Peter Sean Brown was illegally detained in Florida’s Monroe County jail for deportation despite his repeated pleas to authorities that he was a U.S. citizen and the county’s own jail file showing that he was born in Philadelphia. The SPLC filed a federal lawsuit on behalf of Brown, whose Fourth Amendment rights were violated due to the illegal detention.

Brown’s detention was the result of Monroe County Sheriff Rick Ramsay’s careless and aggressive collaboration with Immigration and Customs Enforcement (ICE) as part of a Basic Ordering Agreement (BOA) between the agencies. The Monroe County sheriff was among more than a dozen Florida sheriffs who signed BOAs in January 2018 to hold people for ICE in exchange for $50 per detained person.

BOAs are an attempt by Florida sheriffs and ICE to shield counties from liability for holding people on ICE detainers, which are requests by ICE to a state or local government to re-arrest and detain an individual for up to 48 hours after state law requires the person be released. Multiple federal courts, however, have ruled that it is unconstitutional for local law enforcement agencies to keep people detained for ICE once their criminal cases have ended.  

In April 2018, Brown turned himself over to county authorities for a probation violation and was booked into the jail. Instead of releasing him after his state case was over, he was turned over to ICE for imminent deportation to Jamaica – a country where he had never lived and knew no one.

Brown repeatedly told county employees that he was a U.S. citizen and could not be deported. He offered to produce his birth certificate. His friend and co-worker called the jail on his behalf to relay the same information. Brown filed multiple written grievances explaining that he was born in the United States and could not be held for ICE. In addition to showing that he was born in Philadelphia, the county’s jail file also showed Brown had a valid Florida driver’s license, which can only be obtained by U.S. citizens and noncitizens with legal authorization to be in the United States.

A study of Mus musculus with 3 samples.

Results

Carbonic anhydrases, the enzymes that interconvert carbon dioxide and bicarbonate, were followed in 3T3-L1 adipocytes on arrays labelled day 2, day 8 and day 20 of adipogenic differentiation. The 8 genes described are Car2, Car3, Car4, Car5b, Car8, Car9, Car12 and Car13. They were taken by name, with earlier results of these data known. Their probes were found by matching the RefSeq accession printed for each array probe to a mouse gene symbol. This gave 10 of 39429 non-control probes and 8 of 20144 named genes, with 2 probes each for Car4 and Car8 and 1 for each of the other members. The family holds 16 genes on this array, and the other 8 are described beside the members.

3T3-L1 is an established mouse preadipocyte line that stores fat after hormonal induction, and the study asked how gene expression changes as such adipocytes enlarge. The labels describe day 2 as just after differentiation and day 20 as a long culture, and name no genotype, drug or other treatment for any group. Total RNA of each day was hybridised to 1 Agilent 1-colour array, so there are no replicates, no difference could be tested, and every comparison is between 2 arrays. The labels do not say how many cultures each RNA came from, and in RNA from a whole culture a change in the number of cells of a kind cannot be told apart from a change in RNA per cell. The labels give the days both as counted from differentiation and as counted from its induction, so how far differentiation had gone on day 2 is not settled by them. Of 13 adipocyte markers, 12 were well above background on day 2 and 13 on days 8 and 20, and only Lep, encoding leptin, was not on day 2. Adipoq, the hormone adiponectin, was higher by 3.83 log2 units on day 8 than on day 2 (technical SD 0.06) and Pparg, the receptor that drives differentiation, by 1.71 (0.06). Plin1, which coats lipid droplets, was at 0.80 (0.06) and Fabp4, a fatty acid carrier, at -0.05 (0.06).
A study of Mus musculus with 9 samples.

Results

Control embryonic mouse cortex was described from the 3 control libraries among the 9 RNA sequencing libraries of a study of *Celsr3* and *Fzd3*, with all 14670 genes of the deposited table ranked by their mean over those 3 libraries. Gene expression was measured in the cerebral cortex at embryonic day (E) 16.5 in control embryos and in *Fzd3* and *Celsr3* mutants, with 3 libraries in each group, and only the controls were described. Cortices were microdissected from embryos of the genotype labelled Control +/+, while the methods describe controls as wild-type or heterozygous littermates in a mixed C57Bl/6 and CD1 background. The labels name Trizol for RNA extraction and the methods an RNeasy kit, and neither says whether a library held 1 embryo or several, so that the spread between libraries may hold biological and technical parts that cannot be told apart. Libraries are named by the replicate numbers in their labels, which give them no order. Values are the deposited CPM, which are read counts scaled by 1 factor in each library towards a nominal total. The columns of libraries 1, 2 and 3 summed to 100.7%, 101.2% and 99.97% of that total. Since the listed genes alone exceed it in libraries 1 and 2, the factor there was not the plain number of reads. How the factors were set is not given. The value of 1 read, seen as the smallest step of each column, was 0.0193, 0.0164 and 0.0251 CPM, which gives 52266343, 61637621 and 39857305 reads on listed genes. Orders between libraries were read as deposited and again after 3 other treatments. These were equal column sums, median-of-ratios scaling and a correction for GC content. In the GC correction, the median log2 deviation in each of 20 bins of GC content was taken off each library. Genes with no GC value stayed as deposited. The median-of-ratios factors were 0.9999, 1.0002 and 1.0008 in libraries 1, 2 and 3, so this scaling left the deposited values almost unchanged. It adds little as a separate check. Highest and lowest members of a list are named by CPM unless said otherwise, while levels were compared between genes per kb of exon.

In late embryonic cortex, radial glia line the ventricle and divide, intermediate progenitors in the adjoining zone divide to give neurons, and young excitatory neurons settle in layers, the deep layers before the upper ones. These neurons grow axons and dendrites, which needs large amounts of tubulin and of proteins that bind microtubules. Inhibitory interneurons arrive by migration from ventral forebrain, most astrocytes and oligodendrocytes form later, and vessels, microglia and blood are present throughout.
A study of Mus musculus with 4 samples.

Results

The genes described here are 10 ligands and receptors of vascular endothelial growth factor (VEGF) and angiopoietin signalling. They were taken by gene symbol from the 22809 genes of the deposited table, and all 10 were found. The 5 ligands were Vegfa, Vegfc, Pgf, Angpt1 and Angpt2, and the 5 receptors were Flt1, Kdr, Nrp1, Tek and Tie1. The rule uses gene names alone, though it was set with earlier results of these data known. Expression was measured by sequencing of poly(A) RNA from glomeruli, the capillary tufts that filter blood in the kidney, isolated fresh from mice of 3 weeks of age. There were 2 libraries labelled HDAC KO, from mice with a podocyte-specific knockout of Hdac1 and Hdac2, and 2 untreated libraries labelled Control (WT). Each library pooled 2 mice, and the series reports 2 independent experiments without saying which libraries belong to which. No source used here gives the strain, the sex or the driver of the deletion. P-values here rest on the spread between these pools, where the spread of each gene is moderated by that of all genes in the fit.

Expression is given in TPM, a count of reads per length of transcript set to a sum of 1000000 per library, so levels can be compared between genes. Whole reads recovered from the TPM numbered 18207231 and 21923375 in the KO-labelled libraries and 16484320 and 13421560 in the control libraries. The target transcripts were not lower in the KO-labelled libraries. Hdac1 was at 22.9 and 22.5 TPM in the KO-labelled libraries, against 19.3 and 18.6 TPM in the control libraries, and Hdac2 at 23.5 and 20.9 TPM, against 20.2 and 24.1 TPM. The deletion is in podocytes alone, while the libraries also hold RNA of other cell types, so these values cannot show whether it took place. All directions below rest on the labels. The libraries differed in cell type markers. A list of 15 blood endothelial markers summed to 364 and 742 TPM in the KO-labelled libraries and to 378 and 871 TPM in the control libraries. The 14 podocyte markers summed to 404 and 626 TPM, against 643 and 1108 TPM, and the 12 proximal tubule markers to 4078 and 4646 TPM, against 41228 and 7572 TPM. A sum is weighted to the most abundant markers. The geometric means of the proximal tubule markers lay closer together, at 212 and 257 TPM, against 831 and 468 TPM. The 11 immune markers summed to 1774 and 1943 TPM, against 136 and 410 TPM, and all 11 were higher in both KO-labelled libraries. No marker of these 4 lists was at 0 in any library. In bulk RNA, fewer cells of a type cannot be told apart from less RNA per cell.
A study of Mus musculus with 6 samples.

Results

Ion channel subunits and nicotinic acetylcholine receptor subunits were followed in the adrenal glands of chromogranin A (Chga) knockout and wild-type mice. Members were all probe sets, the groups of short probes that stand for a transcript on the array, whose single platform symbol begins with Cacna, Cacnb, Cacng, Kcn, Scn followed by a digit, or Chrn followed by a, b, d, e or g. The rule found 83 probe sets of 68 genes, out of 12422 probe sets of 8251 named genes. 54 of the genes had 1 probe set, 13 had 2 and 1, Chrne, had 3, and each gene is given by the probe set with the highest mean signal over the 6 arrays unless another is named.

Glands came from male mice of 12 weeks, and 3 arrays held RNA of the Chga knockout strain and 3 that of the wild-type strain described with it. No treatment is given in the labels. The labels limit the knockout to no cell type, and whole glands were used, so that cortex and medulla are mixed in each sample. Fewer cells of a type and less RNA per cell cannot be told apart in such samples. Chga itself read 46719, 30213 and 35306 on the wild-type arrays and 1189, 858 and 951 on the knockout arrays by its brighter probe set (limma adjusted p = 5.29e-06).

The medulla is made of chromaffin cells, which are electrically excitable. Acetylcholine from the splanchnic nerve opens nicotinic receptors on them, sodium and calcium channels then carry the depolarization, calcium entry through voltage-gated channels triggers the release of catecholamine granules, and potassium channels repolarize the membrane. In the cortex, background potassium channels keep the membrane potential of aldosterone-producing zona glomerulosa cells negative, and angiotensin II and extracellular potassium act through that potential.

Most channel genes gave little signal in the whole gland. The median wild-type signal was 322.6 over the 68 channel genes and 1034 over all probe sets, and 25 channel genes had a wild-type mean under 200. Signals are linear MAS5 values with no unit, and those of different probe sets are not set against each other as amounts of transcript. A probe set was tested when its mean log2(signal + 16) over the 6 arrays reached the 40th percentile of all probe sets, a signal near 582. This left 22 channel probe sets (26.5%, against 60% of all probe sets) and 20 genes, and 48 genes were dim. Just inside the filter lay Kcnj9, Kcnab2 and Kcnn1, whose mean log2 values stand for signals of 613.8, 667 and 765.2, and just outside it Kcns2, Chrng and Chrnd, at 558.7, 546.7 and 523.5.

County employees ignored his pleas for weeks, mocked him and led him to believe that he would soon find himself in a Jamaican prison. The county did nothing to investigate his citizenship or determine whether he was, in fact, a noncitizen. Brown would have been deported had it not been for the last-minute intervention of a friend who sent a copy of his birth certificate to an ICE agent.

The county violated Brown’s Fourth Amendment rights against unreasonable search and seizure because the officers who detained him did not have probable cause to hold him beyond the time he should have been released on the probation violation, according to the complaint. Law enforcement officers cannot ignore evidence that negates probable cause, nor can they refuse to obtain readily discoverable facts that would release the subject of an arrest. Yet that is what happened to Brown. The county also violated Florida law against false imprisonment, according to the complaint.

Despite finally being released, Brown continues to suffer from this experience. After losing his job due to being detained, the emotional fallout from his illegal arrest prevented him from searching for a new job immediately after release. He went without work for approximately two weeks until he found a new, lower-paying job. He also continues to suffer emotionally from the fear that he could be sent away from his family and friends.

Read more about what Florida communities can do to fight Basic Ordering Agreements.